There has been an interesting conversation going on over the last few days. The starting point was Brian Katz' post about Herding Kangaroos, and the follow-up, Where's Waldo.

The gist of Brian's post is this:

The world is truly full of boogey men and if someone desperately wants your data there is very little you can do to stop them in most instances, you may be able to slow them down but that is probably it. The issue I have with this locking down of the enterprise is that it affects the business.


If users aren’t given the right tools, they find what they need anyway and give it to everyone else who wants/needs it long before you have a chance to put a stop to it. It becomes very difficult to play the Where’s Waldo game every day.

Everyone's Waldo

I agree, for the most part. I've been a sysadmin, and I cut my teeth adminning for a department of smart-aleck developers who all needed the root password / security exceptions / special firewall rules / extra disk quota to do their jobs, so the notion that we could have perfect security if only we didn't have to deal with all those pesky users definitely strikes a chord with me.

The problem that IT faces is much the same as the entertainment industry faces. Not only must the security measures in both cases be sufficiently inobtrusive that users don't find it easier just to circumvent them, but at some point you have to give users access to the content you're trying to protect. Just as all those FBI piracy warnings on DVDs have to (eventually) end and let you watch the film, all the encrypted location-sensitive token-based secure content lockers have to let users view the files at some point. Once users have the content, no clever technology is going to prevent someone from doing something IT doesn't want them to do.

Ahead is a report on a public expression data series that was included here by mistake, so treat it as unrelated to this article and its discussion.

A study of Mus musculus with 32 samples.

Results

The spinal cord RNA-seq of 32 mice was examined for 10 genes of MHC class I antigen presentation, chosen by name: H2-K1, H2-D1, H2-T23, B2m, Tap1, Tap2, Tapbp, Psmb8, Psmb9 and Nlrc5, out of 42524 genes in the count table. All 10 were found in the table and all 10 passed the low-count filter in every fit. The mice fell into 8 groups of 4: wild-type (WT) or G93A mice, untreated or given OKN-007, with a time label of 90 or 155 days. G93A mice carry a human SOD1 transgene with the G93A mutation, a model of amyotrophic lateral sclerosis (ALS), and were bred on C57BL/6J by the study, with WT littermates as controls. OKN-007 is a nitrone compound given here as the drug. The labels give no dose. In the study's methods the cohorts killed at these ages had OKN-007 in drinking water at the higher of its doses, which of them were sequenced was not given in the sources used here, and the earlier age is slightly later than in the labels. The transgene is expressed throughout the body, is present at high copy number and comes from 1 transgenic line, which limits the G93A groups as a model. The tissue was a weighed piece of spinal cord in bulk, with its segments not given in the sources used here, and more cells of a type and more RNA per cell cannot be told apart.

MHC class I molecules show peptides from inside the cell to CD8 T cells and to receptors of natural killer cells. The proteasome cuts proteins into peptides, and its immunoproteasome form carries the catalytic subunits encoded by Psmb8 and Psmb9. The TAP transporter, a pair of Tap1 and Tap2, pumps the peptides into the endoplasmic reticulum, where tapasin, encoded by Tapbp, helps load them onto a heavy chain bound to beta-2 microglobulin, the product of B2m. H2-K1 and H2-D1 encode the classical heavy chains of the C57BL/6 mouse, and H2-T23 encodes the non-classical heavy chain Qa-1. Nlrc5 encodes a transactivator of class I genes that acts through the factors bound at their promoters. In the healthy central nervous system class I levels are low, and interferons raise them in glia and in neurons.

Violations can be impressively low-tech. One ex-colleague, a sales guy, printed out his presentations, and then used the same print-out for multiple customer engagements - complete with slides under NDA, embargoed roadmap details, and confidential details on other customers he had previously used the same printout with. How does your Enterprise Solution prevent that?

Or what about users giving up their passwords for candy bars, or entering them in online "password security checkers", or clicking on the link in that e-mail pretending to come from the help desk?

In the end it's not about the device, it's about the users. Technical fixes will only get you so far. Focusing on the people who bring their iPads to work and ignoring the guy walking out the door with a sheaf of dog-eared printouts - but corporate-issued laptop and phone - might follow the letter of the infosec policy, but it's certainly missing the spirit.

Explain to people what your goal is, why it's important (to them), and make it easy for them, and most of them will go along. The ones who won't have other problems anyway.